Paddy Davitt verdict: Two-faced Norwich City test the patience
- Credit: Paul Chesterton/Focus Images Ltd
Norwich City have turned navel-gazing into an art form this season. Time to view the events at Elland Road through a positive filter.
Stuart Webber's scalpel will address the set piece vulnerability, the alarming concession rate, the inability to routinely resist away from Carrow Road. It will take new personnel, a new head coach and a new mindset. Webber's public pronouncements to this point suggest he knows the scale of the decline and will seek to address it over a crucial summer.
There will be no concerted upturn in the mood or the atmosphere at Carrow Road, a topic he bravely addressed publicly in recent days, until a frustrated support base feel they have a team who can regularly match that high brow offensive intensity with some earthier, stout resistance. The imminent arrivals of recruitment figures in Chris Badlan and Kieran Scott are an opening gambit. Webber knows he must get Alex Neil's successor right and when he unveils the chosen one, following the conclusion of a Championship season to forget, this most meticulous of sporting directors is sure to have a weighty dossier regarding what the head coach inherits.
City can score beautiful goals but they concede at a charitable rate. You realise it is bad when even the normally composed, mild mannered Alan Irvine is enraged by what unfolded in a matter of seconds between Nelson Oliveira's second goal and the way Chris Wood nonchalantly glided inside Mitchell Dijks to divert Stuart Dallas' cross past John Ruddy.
Irvine called that passage of play 'unprofessional'. There are more choice words to describe the way Norwich's celebrating players had not shuffled back into their positions for the restart.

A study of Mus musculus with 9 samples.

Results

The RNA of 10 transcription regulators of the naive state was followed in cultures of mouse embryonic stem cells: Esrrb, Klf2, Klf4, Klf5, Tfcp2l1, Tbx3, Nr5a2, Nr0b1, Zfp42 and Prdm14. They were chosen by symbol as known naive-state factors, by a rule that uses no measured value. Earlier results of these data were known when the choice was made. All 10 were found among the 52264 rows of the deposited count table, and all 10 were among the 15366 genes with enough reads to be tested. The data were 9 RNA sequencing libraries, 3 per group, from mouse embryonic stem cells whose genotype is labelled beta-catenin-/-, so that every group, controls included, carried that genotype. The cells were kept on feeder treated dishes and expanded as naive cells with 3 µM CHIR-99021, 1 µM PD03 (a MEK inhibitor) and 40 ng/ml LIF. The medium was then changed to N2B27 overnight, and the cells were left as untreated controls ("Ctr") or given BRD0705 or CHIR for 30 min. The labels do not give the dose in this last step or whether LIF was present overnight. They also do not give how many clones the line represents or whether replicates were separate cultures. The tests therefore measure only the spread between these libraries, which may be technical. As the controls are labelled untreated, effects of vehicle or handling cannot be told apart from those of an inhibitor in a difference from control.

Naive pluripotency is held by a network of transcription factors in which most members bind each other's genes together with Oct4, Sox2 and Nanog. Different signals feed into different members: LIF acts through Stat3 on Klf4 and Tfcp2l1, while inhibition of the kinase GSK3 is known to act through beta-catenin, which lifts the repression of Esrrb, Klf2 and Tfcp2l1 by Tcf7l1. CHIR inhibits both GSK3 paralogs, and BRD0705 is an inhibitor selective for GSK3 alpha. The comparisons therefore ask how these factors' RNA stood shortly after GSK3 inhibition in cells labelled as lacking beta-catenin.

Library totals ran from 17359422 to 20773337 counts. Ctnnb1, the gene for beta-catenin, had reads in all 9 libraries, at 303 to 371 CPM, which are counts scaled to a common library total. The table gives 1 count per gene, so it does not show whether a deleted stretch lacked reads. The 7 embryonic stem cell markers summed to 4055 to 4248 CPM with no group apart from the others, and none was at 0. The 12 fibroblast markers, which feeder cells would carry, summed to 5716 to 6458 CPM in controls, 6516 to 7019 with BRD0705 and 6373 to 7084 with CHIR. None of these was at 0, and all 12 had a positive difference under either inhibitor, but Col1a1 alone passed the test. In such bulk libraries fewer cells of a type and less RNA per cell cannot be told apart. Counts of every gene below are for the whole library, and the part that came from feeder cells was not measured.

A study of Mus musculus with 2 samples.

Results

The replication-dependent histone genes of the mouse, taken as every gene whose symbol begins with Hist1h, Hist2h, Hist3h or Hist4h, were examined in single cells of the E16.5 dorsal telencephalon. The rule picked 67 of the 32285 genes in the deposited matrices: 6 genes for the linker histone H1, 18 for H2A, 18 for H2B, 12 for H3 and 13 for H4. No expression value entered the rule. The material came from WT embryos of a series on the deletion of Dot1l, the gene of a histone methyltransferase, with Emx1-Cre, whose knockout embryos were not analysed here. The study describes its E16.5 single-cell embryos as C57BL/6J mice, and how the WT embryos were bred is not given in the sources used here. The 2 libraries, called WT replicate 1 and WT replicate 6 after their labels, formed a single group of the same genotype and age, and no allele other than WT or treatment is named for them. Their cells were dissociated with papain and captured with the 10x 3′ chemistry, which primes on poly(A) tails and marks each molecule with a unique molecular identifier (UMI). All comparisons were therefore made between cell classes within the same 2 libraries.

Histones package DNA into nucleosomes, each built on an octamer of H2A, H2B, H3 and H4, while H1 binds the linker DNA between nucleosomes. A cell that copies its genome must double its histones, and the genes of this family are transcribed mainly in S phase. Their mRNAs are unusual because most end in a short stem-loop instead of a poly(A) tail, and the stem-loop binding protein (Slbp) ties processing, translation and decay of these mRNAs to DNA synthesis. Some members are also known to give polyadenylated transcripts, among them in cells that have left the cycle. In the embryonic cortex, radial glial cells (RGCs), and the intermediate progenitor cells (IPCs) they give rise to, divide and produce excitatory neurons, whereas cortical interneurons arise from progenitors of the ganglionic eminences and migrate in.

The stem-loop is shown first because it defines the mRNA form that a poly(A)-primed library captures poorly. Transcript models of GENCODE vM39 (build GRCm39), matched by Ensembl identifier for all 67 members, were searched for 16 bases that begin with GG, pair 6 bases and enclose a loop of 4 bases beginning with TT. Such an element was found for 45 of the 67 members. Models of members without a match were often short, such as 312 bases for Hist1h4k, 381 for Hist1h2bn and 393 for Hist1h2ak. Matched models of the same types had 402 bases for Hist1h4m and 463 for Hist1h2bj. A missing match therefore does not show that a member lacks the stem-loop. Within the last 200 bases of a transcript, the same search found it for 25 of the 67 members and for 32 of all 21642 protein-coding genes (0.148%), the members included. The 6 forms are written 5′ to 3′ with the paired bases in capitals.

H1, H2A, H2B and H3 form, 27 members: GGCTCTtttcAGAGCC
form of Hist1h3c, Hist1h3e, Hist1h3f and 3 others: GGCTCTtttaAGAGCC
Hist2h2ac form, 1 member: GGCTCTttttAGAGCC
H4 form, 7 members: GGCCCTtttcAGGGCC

That cuts to the core of Webber's major recruitment challenge. The lack of individual responsibility, the chronic failure to sense danger, the sight too often of Norwich players losing penalty box duels in the air or on the ground is endemic in this set of under-performing young men.
Any semblance of cohesion or organisation unravels, almost predictably. Once Wood had grabbed Leeds a lifeline the rest of the script had a depressingly familiar feel. Pontus Jansson won a near post header after getting the drop on Dijks, Alex Pritchard for once was unable to untangle his talented feet, and Kyle Bartley showed greater desire than any opponent in yellow to pounce. It was an ugly goal, it contained none of the majesty of Steven Naismith's long range hit or Oliveira's sweet curler, but it was a statement of intent.
It was half measures again from a squad who appear to have mastered what it takes with the ball but not without it.
Webber will know that better than anyone. What he does about it this summer will dictate whether City can be upwardly mobile again next season.